After hearing an appeal from nearby residents, the Lake Oswego City Council unanimously voted Tuesday, March 7, to tentatively affirm the Development Review Board’s approval for the Lake Oswego School District to build a bus barn near homes in the Rosewood neighborhood.
The school district plans to build a 2.4-acre facility at 6333 S Lakeview Boulevard that would house 66 school buses starting in 2024. The current site, the district says, is too small, does not comply with current zoning standards and is infeasible for the addition of electrification infrastructure for the fleet. The district purchased the property in 2018 for $3.25 million.
However, neighbors have said that the local transportation network is inadequate, with narrow streets and pockets that have no sidewalks. Further, they worried that the buses would be delayed by trains traveling on nearby tracks.
The DRC denied a similar school district proposal in 2019 but approved the more recent one — with conditions including a couple that clarify transportation routes — leading the Rosewood Neighborhood Association to appeal the decision to the City Council. Commissioners also recommended that the city make infrastructure improvements in the area.
In its appeal, the neighborhood said that the proposed use would lead to intense traffic impacts at intervals during the school day, as well as unlawful amounts of noise. It further posited that the local infrastructure was insufficient.
City councilors felt that the commission and staff did their job in determining that the proposed facility should go forward.
“I didn’t see anything from a code perspective that would allow us not to support this request,” City Councilor Rachel Verdick said.
Councilor Ali Afghan said he sympathizes with neighbors who have to deal with many buses traveling local streets during the school year, and remained concerned about potential noise impacts, but he determined that the district addressed concerns satisfactorily.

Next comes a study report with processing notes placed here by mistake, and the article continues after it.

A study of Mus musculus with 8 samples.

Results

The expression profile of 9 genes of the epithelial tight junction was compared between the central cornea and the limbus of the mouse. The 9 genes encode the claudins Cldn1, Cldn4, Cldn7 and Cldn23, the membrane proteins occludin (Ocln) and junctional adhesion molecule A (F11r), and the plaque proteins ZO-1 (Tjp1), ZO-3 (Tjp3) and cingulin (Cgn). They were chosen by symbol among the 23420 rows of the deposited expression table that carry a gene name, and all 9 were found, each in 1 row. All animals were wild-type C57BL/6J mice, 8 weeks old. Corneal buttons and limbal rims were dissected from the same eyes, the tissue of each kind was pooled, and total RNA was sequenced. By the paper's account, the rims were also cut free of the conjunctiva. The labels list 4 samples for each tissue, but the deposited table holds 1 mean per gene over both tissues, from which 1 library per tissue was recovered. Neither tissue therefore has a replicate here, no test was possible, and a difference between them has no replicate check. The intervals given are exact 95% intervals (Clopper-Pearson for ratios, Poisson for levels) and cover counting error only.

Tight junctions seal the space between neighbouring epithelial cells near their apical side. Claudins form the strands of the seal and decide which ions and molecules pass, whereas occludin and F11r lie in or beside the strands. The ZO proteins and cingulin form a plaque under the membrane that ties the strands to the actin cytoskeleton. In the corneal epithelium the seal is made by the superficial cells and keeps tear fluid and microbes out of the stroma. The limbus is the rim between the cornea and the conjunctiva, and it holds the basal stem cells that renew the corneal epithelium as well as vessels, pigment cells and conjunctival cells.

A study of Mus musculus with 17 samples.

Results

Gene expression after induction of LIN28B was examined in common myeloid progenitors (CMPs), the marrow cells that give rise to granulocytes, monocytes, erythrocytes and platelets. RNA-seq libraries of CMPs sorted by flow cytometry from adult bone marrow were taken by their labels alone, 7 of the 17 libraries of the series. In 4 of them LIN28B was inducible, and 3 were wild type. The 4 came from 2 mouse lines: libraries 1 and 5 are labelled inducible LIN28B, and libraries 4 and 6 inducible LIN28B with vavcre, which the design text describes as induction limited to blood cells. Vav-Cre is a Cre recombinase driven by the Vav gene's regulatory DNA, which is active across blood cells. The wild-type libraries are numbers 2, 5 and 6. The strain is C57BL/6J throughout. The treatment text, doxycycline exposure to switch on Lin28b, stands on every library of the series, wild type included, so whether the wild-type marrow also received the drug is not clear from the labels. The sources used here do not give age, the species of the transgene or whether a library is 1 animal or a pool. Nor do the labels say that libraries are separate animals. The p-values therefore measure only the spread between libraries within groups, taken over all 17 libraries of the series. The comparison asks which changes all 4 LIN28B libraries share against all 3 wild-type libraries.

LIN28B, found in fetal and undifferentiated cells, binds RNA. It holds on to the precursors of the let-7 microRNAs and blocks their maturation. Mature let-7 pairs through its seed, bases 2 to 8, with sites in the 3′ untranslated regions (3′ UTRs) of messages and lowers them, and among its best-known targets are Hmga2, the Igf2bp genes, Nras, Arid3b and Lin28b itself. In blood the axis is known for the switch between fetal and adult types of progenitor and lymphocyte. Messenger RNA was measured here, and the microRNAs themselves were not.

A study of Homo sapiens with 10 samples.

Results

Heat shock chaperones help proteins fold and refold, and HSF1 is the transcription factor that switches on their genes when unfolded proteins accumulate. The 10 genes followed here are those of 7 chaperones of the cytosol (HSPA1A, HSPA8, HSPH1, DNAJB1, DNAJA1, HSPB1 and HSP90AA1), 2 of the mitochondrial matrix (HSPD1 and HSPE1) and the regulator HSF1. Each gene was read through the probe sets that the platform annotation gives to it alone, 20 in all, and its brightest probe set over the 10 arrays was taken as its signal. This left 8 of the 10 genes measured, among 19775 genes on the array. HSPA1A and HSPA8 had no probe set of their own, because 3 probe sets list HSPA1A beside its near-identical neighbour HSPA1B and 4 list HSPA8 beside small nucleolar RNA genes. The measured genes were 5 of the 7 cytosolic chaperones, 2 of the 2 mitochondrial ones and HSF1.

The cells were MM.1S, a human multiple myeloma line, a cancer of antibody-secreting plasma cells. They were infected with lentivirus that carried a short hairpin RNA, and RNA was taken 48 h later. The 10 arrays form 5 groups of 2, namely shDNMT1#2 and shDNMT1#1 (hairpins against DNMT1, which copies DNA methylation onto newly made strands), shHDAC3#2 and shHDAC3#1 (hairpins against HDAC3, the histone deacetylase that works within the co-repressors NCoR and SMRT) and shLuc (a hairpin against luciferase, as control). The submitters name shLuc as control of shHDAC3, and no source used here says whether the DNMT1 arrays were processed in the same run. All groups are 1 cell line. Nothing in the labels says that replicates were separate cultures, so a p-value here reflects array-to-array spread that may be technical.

Councilor Trudy Corrigan felt that, since the site has industrial park zoning, a different business could occupy the property and create even worse impacts considering the school buses don’t operate at capacity year round.
“I think it is probably the lightest imaginable potential use for that property,” she said.
Mayor Joe Buck said that the city shares neighbor concerns about pedestrian safety in the area and has lobbied the Metro regional government to fund pedestrian improvements along Lakeview Boulevard.
“That’s a project we at the city have been fighting for for years,” he said.
Superintendent Jennifer Schiele said during the meeting that the school district is committed to being a good neighbor to nearby residents and agreed with the commission that pedestrian improvements should be prioritized in this area.
The council is poised to adopt the decision at an April 4 meeting. After that, the neighborhood could appeal the decision to the Land Use Board of Appeals.